In Congressional committee testimony, leaders of various technology and entertainment companies said they are nearly ready to present a plan that will address how to prevent copyrighted digital broadcasts from being illegally redistributed over the Internet.
At the hearing before the House Subcommittee on Telecommunications and the Internet, Panasonic chief technology officer Paul Liao said a report would be issued by May 17.
"It is this Congress' burden to help sort out how to rationally protect content in the digital age," said Rep. Fred Upton (R-Mich.), who chairs the subcommittee. But he "truly believe[s] that the best solution is a private-sector solution."
Some Congressional intervention might be necessary though, according to Philips Consumer Electronics president Larry Blanford. "Philips calls upon the Congress to reassert itself in this important area," he said. "In its effort to address Internet retransmission, BPDG (the Broadcast Protection Discussion Group) has been taken over by a small group of companies that are pressing a particular approach that would affect all retransmission of content inside the home. This proposal tramples upon the fair-use rights of the consumer and introduces unnecessary levels of complexity and costs in consumer devices."
Joe Krauss, founder of Excite.com and co-founder of DigitalConsumer.org, a group dedicated to "protecting fair-use rights in the digital world," said consumers' rights were at risk of being weakened. "There's a lot of latent interest in the issue of fair-use rights, and I think people are very concerned about recent trends," he said. "The average consumer understands that piracy is not a good thing, but the average consumer is concerned that the trends are overreaching in the other direction." DigitalConsumer.org has, in its six-week existence, already signed up 35,000 members who are concerned about protecting fair-use rights.
"Our members are not teenagers swapping songs on the Internet. They're ordinary, law-abiding citizens who insist that Congress protect their historical fair-use rights." Krauss pointed out that there has been no consumer participation in the BPDG and that he believes too much control is in industry hands.
Digital rights management expert Ebrahim Keshavarz, executive VP of marketing and sales for Digital World Services, commenting from his office in New York, believes both industry insiders and consumers see this issue in a negative light. "Right now it's a negative challenge: How do you prevent something from happening? How do you prevent illegal use?" he asked.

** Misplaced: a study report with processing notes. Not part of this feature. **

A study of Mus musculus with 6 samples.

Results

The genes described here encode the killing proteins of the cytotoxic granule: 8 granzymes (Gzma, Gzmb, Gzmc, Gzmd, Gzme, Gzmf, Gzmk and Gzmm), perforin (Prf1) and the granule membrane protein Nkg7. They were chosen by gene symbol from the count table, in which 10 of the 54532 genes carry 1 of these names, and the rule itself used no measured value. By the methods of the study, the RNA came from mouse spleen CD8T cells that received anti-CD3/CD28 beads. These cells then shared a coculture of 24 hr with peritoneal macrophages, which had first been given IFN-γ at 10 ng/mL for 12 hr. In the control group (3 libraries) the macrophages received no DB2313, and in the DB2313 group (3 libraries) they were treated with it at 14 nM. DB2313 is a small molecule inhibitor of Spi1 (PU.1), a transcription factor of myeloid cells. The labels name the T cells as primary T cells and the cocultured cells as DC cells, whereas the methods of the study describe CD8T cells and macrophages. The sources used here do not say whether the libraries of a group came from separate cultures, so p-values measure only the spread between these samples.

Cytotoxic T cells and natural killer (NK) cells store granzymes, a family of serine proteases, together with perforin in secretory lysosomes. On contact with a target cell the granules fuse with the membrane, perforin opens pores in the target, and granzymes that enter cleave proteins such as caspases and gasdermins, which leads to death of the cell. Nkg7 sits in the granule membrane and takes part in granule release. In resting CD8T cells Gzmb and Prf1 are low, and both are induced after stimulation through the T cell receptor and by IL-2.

"But the positive question is 'How do you take advantage of this technology?' " Content that comes with DRM technology comes with the content provider's guarantee of quality. And this goes beyond digital television or even MP3 files crisscrossing the Internet. "If you're publishing a textbook that was originally intended for the non-digital world, you probably didn't intend for it to be sold in pieces. DRM technology ensures that your book stays intact and that readers get a complete, high-quality product."
Keshavarz said this also applies to video games and any type of content that can be transmitted. "DRM also keeps consumer electronics devices flexible," he said. "You can change the functionality of products on the fly as new content, with new capabilities, comes out. Retailers will be able to point to their products and say, 'This is flexible enough to handle whatever content comes. This has room to grow.' And that is appealing to consumers."
But manufacturers have challenges even now, determining what kind of technology to put into their products that would control improper use of content.
Just last week, CEA announced its concern over a federal court order forcing SonicBlue to develop and install software in its personal video recorders that would collect information about what shows users watch, record or send to other people.
"The court's order is highly troubling. It forces SonicBlue to violate the trust of its customers and commit an incredible invasion of privacy," said CEA president and CEO Gary Shapiro, in a prepared statement. "SonicBlue would be forced to spy on consumers. The data collection would include monitoring if the user chooses to skip commercials, watch the same program more than once or delete a program."
To this point, Digital World Services' marketing manager Vanessa Erhard said DRM technology can take a middle ground for content providers and consumers. "This can handle the content provider's need for control over the content, but at the same time make it easy for the consumer to use. And, importantly, it protects the consumer's rights," she said.
Shapiro said the CEA is concerned that the courts are imposing an order forcing CE manufacturers to spy on consumers. "If the order stands, it will have a chilling effect on technological innovation and consumers' buying rights," he said. "Our industry continues to seek and fight for an approach to copy protection that balances legitimate concerns about privacy and preserving intellectual property with established home recording and fair-use rights."